Anglesey we have every type of beach that you could ever hope to find. So? WHAT ARE YOU WAITING FOR!
Penrhyn Mawr Beach
PENRHYN BEACH Mrs Gwen Williams of Penrhyn Farm, Llanfwrog, describes Penrhyn thus,
“We have a shell-strewn beach with intriguing sheltered coves, shrimping pools on one side and a large sandy beach on the other.”
Penrhyn Beach is accessed through the private well-managed small caravan park. It also offers an interesting viewing point for the marine activities of the Port of Holyhead, with four ferries coming and going daily.
SANDY BEACH (Porth Tywyn Mawr)
Ohh! So wonderful. Another glorious beach just up the coast from Valley.
It is classically beautiful and clearly much loved. The sea is great for swimming and water sports.
The opportunities for sand architecture are plentiful.
Apart from the caravan park, Sandy Beach is isolated and manifests a wonderful atmosphere, whether you are there during the day or just sitting down and enjoying yet another of Anglesey’s beautiful sunsets.
Loved by locals and visitors alike.
Thankfully, the limited parking is an asset to Sandy Beach. Unless you are staying in the caravan park, then there it's a bit awkward. I think biologists call this a 'limiting factor'.
TREFADOG BEACH is a combination of shingle and sand enclosed by low coastal cliffs. Wonderfully isolated beach.
Trefadog beach feels very much part of the land behind it and, yet, undoubtedly ticks all the boxes you require of a quiet family sandy beach.
A mixture of shingle and pebbles are a backdrop to a pleasant sandy beach.
You will find no facilities here whatsoever, so you'll have to bring absolutely everything you need with you.
Remember the doggie poo-bags.
PORTH TRWYN BEACH This is yet another little hidden gem because it can’t be seen from the road despite being right beside it. 'Trwyn' means 'Nose',by the way.
Porth Trwyn Beach is an excellent little beach in fine weather.
Because of the very limited parking it doesn’t become packed – even in High Summer.
In exchange for peace and quiet you lose out on the ice-cream, unless you trot a mile up-hill to the village of Llanfaethlu.
Spot the Dog.
CHURCH BAY The home of the 'six o'clock waves'. Very brave surfers will know about this phenomenon. Me? I love watching the countless cliff-top bunnies on warm Summer evenings.
By the time the cliffs reach Church Bay Beach they’ve risen a hundred feet above a good sized rocky and sandy bay.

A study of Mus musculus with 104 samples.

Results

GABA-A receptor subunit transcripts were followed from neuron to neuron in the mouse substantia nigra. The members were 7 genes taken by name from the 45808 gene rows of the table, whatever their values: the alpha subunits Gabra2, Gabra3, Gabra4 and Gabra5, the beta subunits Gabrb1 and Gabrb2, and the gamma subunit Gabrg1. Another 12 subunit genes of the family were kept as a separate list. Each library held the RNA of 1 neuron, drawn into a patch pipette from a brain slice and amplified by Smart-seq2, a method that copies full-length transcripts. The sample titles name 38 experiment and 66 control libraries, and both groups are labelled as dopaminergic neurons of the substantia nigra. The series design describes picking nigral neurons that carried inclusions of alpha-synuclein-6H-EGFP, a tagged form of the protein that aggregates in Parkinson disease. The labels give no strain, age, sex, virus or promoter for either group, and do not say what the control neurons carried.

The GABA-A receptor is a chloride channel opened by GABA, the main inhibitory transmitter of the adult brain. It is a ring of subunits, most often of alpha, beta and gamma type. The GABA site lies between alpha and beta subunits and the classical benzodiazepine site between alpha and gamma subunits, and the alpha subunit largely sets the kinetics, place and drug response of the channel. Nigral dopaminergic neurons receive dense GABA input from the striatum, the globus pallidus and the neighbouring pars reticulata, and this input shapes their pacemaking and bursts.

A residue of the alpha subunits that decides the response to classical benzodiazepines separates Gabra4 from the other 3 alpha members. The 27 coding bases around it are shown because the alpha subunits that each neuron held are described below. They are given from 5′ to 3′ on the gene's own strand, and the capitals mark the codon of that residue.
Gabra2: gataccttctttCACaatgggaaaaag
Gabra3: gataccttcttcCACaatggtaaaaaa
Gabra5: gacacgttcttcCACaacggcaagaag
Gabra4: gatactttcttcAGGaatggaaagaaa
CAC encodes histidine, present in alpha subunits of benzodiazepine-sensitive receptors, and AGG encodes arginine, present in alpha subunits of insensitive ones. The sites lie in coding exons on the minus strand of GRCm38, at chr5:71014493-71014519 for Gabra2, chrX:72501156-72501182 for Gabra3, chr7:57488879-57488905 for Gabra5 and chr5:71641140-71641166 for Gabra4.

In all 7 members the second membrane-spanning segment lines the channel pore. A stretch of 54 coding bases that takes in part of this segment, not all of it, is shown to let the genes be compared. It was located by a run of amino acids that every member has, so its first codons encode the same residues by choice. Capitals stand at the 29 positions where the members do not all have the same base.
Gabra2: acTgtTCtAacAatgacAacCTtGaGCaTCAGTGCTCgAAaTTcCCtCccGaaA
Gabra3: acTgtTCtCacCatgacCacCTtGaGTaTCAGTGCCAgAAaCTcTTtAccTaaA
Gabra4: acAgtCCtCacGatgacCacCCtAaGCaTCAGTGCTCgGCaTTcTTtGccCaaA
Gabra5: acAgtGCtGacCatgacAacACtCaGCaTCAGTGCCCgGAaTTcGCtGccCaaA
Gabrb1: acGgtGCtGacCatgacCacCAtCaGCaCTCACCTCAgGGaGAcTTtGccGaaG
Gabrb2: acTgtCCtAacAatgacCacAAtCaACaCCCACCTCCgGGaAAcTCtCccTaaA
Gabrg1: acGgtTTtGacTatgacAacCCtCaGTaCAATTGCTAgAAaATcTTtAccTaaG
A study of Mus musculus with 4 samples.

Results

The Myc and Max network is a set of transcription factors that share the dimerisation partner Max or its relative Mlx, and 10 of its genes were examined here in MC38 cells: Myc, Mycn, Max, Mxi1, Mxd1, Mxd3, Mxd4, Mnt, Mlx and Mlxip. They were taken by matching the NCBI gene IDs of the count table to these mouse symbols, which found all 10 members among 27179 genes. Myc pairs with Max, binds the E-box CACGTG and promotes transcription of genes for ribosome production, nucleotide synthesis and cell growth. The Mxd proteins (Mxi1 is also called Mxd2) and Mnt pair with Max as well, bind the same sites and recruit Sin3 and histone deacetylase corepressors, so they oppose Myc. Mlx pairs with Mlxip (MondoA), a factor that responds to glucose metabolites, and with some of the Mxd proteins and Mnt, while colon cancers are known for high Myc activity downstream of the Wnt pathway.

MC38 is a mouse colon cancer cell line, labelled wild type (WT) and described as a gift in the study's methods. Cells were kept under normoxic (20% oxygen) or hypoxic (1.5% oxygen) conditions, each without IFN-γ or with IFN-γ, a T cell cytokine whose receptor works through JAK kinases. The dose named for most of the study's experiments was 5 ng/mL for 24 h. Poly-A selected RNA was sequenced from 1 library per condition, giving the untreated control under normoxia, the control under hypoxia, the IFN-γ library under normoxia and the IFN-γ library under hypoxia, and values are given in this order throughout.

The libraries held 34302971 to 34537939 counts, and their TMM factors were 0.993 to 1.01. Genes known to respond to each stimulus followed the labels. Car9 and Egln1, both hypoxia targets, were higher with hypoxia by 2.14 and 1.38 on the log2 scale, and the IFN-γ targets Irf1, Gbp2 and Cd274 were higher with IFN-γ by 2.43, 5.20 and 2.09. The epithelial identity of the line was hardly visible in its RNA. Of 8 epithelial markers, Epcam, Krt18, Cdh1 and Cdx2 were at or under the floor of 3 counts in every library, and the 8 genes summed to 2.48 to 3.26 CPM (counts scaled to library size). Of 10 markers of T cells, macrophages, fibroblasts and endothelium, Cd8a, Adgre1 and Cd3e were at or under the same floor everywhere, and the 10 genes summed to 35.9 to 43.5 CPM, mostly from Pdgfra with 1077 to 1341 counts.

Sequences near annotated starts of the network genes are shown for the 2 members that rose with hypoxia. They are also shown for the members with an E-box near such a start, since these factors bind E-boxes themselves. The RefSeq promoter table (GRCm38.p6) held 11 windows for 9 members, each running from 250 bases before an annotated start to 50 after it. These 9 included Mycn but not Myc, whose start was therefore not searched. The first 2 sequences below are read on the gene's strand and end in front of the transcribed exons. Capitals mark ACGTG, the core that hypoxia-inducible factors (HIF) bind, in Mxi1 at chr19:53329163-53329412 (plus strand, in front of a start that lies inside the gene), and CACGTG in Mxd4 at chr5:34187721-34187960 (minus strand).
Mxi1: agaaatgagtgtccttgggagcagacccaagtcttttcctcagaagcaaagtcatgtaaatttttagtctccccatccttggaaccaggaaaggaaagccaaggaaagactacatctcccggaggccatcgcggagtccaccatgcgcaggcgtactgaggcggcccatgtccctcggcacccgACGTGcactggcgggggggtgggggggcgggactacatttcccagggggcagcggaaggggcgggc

Plenty of beach to rest, sunbathe and have an evening barbie.
Served by the Wave Crest Cafe immediately above the beach and the highly regarded Lobster Pot restaurant nearby.
The Island Coastal Path rises up and travels north toward Carmel Head. A gentle, beautiful and satisfying walk.
And, as I say above, the scattering of bunnies and the sense of being watched from beneath gorse bushes is very engaging.
Above all, it is reassuring. This is the place to be and where I should be right now.
CEMLYN BAY Of a gentle Summer evening Cemlyn Bay is a lovely place to sit and watch the Porpoise and occasional Dolphin pod enter and cavort between their leisurely dining.
Why not bring a picnic and enjoy yourself as well.
This moon-shaped bay is a very popular venue for shore and kayak fishing as well as general coastal kayak adventures.
And the coastline? Walk about a bit on the Anglesey Coastal Path or just chill out like this lady. Spot the dog?
To really appreciate the seals off the headland bring a fishing rod with you.
CEMAES BAY is what you want it to be. Beach, Coastal Walk, Sailing, Surfing or Fishing. Or, all of the above.
This pretty little village is blessed with a good family friendly beach and a promenade that stretches around a good length of the beach.
To follow the Anglesey Coastal Path from Cemaes Bay to the east towards Amlwch will lead you into an Area of Outstanding Natural Beauty.
Pleasant and unexpected sights and industrial archaeology awaits you.
Many weekend sailors sail around the Island from harbour to harbour, stay an evening to enjoy the good food, beer and banter. They generally cast off when distant shores and clanking of beer glasses draws them onwards.
I would love to hear from you about your stay in Anglesey or to try and answer any questions you may want to ask in preparation for your visit
Maybe you are one of those visitors who has been visiting Anglesey for decades. You're not the only one. The same families have been visiting Anglesey for over sixty years.
Please tell me what makes the Island a special place for you.
Maybe you have special advice - or even warnings.
Please feel free to share by CLICKING HERE.